Media Release 20 Oct 2015
Family First NZ says that education for families around food quantities and quality, and full and accurate disclosure of sugar and fat content by food manfacturers are the keys to reducing obesity levels in New Zealand.
“Families and especially parents should be given clear information of just how much sugar and fat is contained in foods – but especially drinks and foods which may have deceptive labels such as ‘energy’, ‘juiced’ and fruit names which suggest a healthy aspect. Many parents simply aren’t aware of just how much sugar is contained in standard drinks, what is a healthy daily quota of sugar, and just how much damage excess sugar intake does – until it’s too late,” says Bob McCoskrie, National Director.
“A tax on sugar would simply penalise poorer families who will find it difficult to avoid the increased costs. A tax on tobacco works because smoking is an option, while food consumption is integrated in to our everyday living.”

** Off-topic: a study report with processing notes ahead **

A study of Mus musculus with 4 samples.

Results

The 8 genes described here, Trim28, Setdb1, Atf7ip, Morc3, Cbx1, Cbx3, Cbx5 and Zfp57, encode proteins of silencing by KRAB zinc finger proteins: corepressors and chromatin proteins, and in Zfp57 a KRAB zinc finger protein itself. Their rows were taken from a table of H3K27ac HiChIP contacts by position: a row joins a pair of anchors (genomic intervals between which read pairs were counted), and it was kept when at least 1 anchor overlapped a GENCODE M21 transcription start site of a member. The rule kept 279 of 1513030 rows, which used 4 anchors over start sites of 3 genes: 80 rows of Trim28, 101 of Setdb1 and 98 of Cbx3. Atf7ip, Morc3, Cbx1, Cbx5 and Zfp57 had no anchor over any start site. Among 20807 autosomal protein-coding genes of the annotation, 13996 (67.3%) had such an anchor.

“Family First supports the approach suggested by Starship hospital paediatrician Dr Patrick Kelly whereby families receive the education and support required and intervention is used as an absolute last resource where the obesity is part of an extended package of neglect and abuse happening within the family. Compulsory attendance at courses may be required to get some parents to take action,” says Mr McCoskrie.
“The best solution is for non-governmental organisations to be resourced and equipped to work with families in the home and in the community and churches.”
“We should also be asking some of the harder questions around reasons for increasing obesity rates in New Zealand. These include issues such as reduced physical activity and increased screentime, sleep patterns, food quality especially in cheaper foods which are used as loss-leaders by supermarkets, busy parents, and ‘obesogenic environments’ – ‘fat cities’ with few parks and recreational facilities,” says Mr McCoskrie.
“Let’s work with families – and families will be empowered with education and factual information.”